Virginia gubernatorial candidates Terry McAuliffe (D), left, and Glenn Youngkin (R) during their debate in Grundy, Va., on Sept. 16. (Steve Helber/AP)

Patrick Jaicomo is an attorney and Chad Reese is the assistant director of activism for the Institute for Justice, a national nonprofit public interest law firm dedicated to holding the government accountable for violations of constitutional rights.

Virginians deserve an open and honest conversation about qualified immunity. But that’s not what they heard from either candidate at the gubernatorial debate between Democrat Terry McAuliffe and Republican Glenn Youngkin on Sept. 16.

Created by the Supreme Court in 1982 for policy reasons, qualified immunity is a legal doctrine that shields all government workers — not just police — by default from federal constitutional lawsuits. Here’s how it works: If your constitutional rights are violated, the government workers who violated them cannot be sued (the “immunity” part) unless you can point to an earlier court case in your area holding that nearly identical conduct was unconstitutional (the “qualified” part). That means that government agents can knowingly and intentionally violate your rights, and you cannot sue them, thanks to qualified immunity.

Though the two candidates took slightly different positions on the issue, both mischaracterized what qualified immunity really is and the role it plays in preventing victims of constitutional rights abuses from seeking justice.

Youngkin argued that qualified immunity protects law enforcement from “frivolous civil lawsuits.” Quite the opposite. Qualified immunity only thwarts meritorious lawsuits — the important ones. If a case is easily dismissed as frivolous, meaning that it lacks a basis in fact or law, it can be dismissed under a variety of court rules that were designed to weed out those kinds of lawsuits. Indeed, parties and lawyers who bring frivolous lawsuits can already be sanctioned in a variety of ways. Qualified immunity prevents the good cases, not the bad ones.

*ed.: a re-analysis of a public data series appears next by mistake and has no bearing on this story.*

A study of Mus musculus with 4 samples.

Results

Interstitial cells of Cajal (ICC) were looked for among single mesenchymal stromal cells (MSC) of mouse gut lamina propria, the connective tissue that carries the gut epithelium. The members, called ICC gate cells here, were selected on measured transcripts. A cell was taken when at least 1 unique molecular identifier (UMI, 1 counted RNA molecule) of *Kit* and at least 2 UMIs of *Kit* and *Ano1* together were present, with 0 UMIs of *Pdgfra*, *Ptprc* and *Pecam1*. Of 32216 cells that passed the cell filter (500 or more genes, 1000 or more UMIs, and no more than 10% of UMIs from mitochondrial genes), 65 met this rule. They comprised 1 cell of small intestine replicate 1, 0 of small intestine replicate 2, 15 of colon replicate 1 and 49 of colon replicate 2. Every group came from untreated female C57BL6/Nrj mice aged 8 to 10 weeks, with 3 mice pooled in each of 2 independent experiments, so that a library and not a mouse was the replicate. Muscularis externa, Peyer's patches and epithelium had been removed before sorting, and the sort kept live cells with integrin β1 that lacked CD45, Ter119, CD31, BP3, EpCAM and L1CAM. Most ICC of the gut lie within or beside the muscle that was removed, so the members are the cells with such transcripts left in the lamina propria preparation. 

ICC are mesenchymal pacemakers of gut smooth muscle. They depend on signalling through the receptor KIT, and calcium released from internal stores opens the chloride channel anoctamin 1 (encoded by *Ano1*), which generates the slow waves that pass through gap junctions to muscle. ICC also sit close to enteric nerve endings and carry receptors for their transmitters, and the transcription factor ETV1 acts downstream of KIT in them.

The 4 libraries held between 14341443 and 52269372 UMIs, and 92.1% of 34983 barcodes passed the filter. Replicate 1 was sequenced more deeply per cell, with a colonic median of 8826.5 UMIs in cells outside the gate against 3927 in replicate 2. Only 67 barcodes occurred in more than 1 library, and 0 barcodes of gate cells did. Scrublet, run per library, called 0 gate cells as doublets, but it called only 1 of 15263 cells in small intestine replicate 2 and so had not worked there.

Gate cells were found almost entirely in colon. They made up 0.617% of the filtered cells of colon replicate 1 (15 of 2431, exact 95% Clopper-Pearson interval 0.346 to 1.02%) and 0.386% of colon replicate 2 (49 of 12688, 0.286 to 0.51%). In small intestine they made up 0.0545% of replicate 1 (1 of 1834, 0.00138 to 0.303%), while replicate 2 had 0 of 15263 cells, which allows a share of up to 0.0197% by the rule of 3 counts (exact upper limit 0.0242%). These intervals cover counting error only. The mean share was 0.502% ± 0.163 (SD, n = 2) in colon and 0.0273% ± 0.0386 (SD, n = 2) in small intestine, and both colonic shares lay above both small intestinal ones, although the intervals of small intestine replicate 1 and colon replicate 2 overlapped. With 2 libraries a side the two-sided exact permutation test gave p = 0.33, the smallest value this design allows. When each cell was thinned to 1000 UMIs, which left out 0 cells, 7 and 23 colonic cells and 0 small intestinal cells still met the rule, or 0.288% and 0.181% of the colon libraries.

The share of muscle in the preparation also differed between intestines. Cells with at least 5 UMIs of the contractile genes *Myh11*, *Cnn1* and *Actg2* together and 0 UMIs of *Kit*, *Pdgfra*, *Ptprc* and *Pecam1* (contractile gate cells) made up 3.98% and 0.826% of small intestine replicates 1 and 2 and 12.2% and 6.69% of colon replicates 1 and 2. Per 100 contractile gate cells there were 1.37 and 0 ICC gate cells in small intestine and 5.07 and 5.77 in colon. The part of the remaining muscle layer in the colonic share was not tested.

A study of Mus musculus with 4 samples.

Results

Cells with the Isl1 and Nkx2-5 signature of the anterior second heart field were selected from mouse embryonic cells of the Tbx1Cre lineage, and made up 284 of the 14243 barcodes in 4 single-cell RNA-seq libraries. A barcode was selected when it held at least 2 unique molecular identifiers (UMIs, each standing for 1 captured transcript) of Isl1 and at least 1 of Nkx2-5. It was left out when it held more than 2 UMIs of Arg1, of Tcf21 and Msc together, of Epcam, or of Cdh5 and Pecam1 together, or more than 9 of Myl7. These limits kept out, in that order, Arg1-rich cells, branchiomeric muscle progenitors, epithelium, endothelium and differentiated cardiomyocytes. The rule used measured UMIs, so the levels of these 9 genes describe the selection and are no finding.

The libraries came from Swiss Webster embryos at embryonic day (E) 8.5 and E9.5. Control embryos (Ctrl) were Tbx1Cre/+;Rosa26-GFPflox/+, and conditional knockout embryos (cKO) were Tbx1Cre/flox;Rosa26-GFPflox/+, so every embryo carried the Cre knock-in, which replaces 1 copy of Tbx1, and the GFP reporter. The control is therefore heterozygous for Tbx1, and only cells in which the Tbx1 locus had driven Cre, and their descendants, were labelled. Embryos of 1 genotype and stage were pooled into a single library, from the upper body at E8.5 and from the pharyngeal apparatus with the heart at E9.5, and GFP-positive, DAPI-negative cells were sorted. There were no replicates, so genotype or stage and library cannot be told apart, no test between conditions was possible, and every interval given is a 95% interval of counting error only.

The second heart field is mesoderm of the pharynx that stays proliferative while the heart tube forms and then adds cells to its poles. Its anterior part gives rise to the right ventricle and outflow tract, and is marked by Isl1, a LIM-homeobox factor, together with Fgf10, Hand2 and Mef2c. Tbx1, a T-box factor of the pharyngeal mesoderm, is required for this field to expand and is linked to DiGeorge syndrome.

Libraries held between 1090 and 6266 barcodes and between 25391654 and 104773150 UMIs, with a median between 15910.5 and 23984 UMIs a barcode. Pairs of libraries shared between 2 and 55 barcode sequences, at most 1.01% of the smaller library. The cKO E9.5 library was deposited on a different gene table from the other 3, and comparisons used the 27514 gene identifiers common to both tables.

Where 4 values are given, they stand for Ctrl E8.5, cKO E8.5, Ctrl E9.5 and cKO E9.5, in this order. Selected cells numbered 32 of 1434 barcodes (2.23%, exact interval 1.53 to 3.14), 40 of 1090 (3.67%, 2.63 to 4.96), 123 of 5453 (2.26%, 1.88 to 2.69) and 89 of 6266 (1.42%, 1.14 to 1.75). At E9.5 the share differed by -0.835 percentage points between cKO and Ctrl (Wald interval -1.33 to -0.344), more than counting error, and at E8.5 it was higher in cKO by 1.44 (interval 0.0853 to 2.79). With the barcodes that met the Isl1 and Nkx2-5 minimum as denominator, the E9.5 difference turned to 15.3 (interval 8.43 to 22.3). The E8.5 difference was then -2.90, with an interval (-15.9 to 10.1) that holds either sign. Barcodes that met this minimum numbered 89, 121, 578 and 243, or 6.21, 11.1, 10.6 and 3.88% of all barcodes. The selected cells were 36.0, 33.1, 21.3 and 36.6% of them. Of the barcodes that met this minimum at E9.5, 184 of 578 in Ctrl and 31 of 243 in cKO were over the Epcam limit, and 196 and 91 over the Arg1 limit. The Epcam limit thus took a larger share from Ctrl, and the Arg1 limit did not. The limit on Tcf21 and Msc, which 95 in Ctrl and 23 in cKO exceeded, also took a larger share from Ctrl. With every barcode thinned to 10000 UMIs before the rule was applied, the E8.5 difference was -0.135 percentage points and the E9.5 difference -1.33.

McAuliffe responded that “any officer acting in good faith, should and will have the full protections of the Commonwealth of Virginia.” But qualified immunity doesn’t consider a government worker’s good-faith intentions. On the contrary, courts cannot factor in a worker’s intentions. But something else does: the Constitution, which only prohibits “unreasonable searches and seizures.” That language already leaves plenty of latitude for good-faith mistakes. Qualified immunity actually prevents courts from deciding whether an officer acted reasonably or violated the Constitution.

McAuliffe added that qualified immunity ends when a law enforcement officer “breaks the law.” That is also incorrect, sadly. As long as there is not an earlier case addressing the exact same behavior, even illegal activity is shielded by qualified immunity. For example, an appeals court recently granted immunity to police officers who stole more than $100,000. As the court explained there, even though “theft is morally wrong [as] virtually every human society teaches . . . that principle does not . . . answer the legal question” of whether qualified immunity applies.

To further complicate matters for victims, even tiny differences from previous cases can lead judges to declare that a specific rights violation was not “clearly established.” In one case, a prison guard who pepper-sprayed an inmate without justification was granted immunity because, though other cases had found that punching, tasing or striking inmates with a baton without justification was a rights violation, none of those cases involved pepper spray specifically.

The human consequences of this judge-made doctrine are staggering. Take the story of Shaniz West, an Idaho mother who returned home one day to find her house surrounded by law enforcement officials. After learning that police were looking for her former boyfriend, West informed the officers that the house was empty but gave them her keys and permission to search the house.

The officers instead bombarded the house with tear-gas grenades, destroying it and all of West’s possessions in the process. The house’s only occupant at the time was West’s dog, Blue, who somehow survived the siege. When West tried to sue the police for unnecessarily destroying her home and belongings, courts granted the officers qualified immunity, explaining that no earlier case specifically informed police that West’s permission to enter her home with a key and search didn’t include shelling it with noxious gas from outside. Unfortunately, when West appealed the case to the Supreme Court with the help of the Institute for Justice, the court declined to intervene.

Thanks to qualified immunity and similar legal protections that shield government workers from accountability, victims of constitutional abuses find courthouse doors slammed shut when they try to seek justice.

Regardless of who wins next month’s election, Virginians deserve a governor who understands what’s at stake. Qualified immunity does not protect good-faith actors who make reasonable mistakes from frivolous lawsuits. It shields all government officials from accountability altogether, even when they knowingly or intentionally break their oath to uphold the Constitution and violate our rights.